Louis Dreyfus owner pledges her stake as collateral in $1 billion Credit Suisse loan: filing


The loan was used to buy a 16.6% stake in the company from other family members and the share pledge means, if Margarita Louis-Dreyfus can’t repay or refinance the loan, Credit Suisse could take control of the 169-year old business.

Margarita Louis-Dreyfus, who assumed control of the 169-year-old trading house in 2009 on the death of her husband Robert, sought the loan as the trading firm was trying to settle the costly buyout of minorities and revive flagging profits.

She announced last January that she had completed the purchase of 16.6% of LDC’s holding company from other family members, bringing her stake to around 96%.

LDC had previously indicated that its majority owner had obtained a bank loan to finance the buyout, without providing more details.

An annual filing by Akira B.V., which represents the family trust headed by Margarita Louis-Dreyfus, said it had borrowed $1.03 billion from Credit Suisse (Switzerland) Ltd on or about Jan. 25, 2019.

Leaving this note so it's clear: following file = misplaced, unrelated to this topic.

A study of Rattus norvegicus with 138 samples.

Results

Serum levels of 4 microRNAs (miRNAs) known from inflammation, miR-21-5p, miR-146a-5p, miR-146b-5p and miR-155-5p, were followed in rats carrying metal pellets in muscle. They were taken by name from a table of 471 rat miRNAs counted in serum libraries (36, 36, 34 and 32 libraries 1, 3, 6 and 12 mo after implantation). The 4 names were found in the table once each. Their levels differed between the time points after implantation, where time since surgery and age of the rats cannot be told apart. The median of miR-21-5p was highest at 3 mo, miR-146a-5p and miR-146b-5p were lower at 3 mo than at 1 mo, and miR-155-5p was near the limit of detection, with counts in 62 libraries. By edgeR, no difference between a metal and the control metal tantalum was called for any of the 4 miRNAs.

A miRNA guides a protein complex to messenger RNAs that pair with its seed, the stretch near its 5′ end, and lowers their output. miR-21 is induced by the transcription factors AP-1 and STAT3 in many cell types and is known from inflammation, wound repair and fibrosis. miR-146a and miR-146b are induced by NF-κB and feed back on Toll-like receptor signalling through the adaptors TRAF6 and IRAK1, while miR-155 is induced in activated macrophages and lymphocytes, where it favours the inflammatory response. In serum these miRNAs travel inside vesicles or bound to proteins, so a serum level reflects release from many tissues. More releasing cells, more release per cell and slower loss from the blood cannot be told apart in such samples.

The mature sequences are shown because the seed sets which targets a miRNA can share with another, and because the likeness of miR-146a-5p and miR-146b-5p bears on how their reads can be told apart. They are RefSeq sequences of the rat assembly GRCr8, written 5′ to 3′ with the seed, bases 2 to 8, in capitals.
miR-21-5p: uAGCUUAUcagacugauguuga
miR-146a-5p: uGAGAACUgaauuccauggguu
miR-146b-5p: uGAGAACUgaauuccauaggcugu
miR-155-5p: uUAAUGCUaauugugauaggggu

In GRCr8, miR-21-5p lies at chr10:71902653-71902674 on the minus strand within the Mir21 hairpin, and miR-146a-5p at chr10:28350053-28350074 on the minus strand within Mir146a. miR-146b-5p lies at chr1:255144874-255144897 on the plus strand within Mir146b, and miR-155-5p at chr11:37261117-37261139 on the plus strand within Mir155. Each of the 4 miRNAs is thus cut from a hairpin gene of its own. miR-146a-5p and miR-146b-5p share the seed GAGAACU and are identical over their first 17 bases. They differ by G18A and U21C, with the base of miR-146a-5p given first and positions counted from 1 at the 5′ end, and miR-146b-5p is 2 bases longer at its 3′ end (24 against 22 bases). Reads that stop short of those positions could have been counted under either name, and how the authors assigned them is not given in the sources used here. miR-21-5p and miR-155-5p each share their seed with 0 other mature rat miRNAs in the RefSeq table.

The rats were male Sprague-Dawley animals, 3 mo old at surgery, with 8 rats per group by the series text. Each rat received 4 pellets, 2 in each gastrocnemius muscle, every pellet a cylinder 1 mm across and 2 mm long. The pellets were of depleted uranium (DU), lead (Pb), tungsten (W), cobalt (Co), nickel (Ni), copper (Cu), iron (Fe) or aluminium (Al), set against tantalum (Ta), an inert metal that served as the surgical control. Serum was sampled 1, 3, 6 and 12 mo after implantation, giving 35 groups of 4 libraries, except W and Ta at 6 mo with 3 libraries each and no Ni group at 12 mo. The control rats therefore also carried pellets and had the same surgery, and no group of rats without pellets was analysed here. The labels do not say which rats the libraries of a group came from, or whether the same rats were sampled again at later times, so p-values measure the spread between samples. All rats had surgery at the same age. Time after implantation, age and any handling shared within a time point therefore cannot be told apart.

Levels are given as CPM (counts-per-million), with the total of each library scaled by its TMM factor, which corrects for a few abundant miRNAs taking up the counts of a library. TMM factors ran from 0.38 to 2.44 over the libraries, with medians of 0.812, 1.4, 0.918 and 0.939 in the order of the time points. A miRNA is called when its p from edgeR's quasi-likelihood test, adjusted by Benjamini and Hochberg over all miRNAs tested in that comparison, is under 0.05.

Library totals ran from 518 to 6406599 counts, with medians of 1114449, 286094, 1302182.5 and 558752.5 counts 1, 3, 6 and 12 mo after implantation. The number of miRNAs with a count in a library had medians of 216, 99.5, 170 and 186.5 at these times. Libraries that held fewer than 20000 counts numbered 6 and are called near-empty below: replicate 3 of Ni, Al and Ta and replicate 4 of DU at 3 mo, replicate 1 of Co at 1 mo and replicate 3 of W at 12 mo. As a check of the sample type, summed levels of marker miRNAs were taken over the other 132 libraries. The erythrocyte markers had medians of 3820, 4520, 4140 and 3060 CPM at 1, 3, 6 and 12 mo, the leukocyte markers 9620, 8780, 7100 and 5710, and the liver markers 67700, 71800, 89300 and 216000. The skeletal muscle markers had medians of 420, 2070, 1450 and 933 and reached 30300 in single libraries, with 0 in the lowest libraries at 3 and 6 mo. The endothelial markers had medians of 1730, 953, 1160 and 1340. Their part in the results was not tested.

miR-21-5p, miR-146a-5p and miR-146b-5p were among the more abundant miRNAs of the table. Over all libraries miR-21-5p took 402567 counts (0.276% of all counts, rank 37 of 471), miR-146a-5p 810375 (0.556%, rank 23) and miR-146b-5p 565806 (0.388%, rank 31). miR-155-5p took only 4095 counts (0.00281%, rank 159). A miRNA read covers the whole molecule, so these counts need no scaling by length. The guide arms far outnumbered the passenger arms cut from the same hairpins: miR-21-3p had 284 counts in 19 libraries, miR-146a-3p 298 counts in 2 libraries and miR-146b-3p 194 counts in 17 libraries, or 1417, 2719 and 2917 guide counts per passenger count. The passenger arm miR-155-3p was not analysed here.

“In anticipation of the borrowing of the foregoing funds, the Company pledged all of its shares of LDHBV to Credit Suisse (Switzerland) Ltd,” Akira said in the company filing, which was made in the Netherlands on Dec. 31.

LDHBV, short for Louis Dreyfus Holding B.V., is the structure that holds the family’s shares in LDC.

The amount borrowed by Akira followed an agreement on Nov. 2, 2018, under which Credit Suisse (Switzerland) Ltd would provide a maximum $1.075 billion in relation to Akira’s buyout of other LDC shareholders, the filing showed.

The document did not indicate when the loan should be repaid.

LDC and Credit Suisse did not immediately respond to requests for further details.

The share pledge by Akira was reported previously by Bloomberg.

In November LDC, also known as Dreyfus, launched a cost-cutting plan after a decline in first-half profits which it blamed on international trade tensions and a swine disease epidemic in Asia.

The company also said last year that it may look at selling a stake to a regional player, adding to speculation about industry consolidation.

Dividends have offered some leverage for Margarita Louis-Dreyfus and LDC disclosed in its interim results that it had paid its biggest dividend in five years in 2019.

Akira’s filing showed that the vehicle had received a dividend of $241.3 million from LDC’s holding structure at the end of March 2019.

The filing also revealed that the price paid by Akira for the 16.6% stake sold by minority shareholders was $824.7 million, broadly in line with previous valuations.

Margarita Louis-Dreyfus is required to purchase shares from other family members wishing to sell under a long-term arrangement established by her late husband.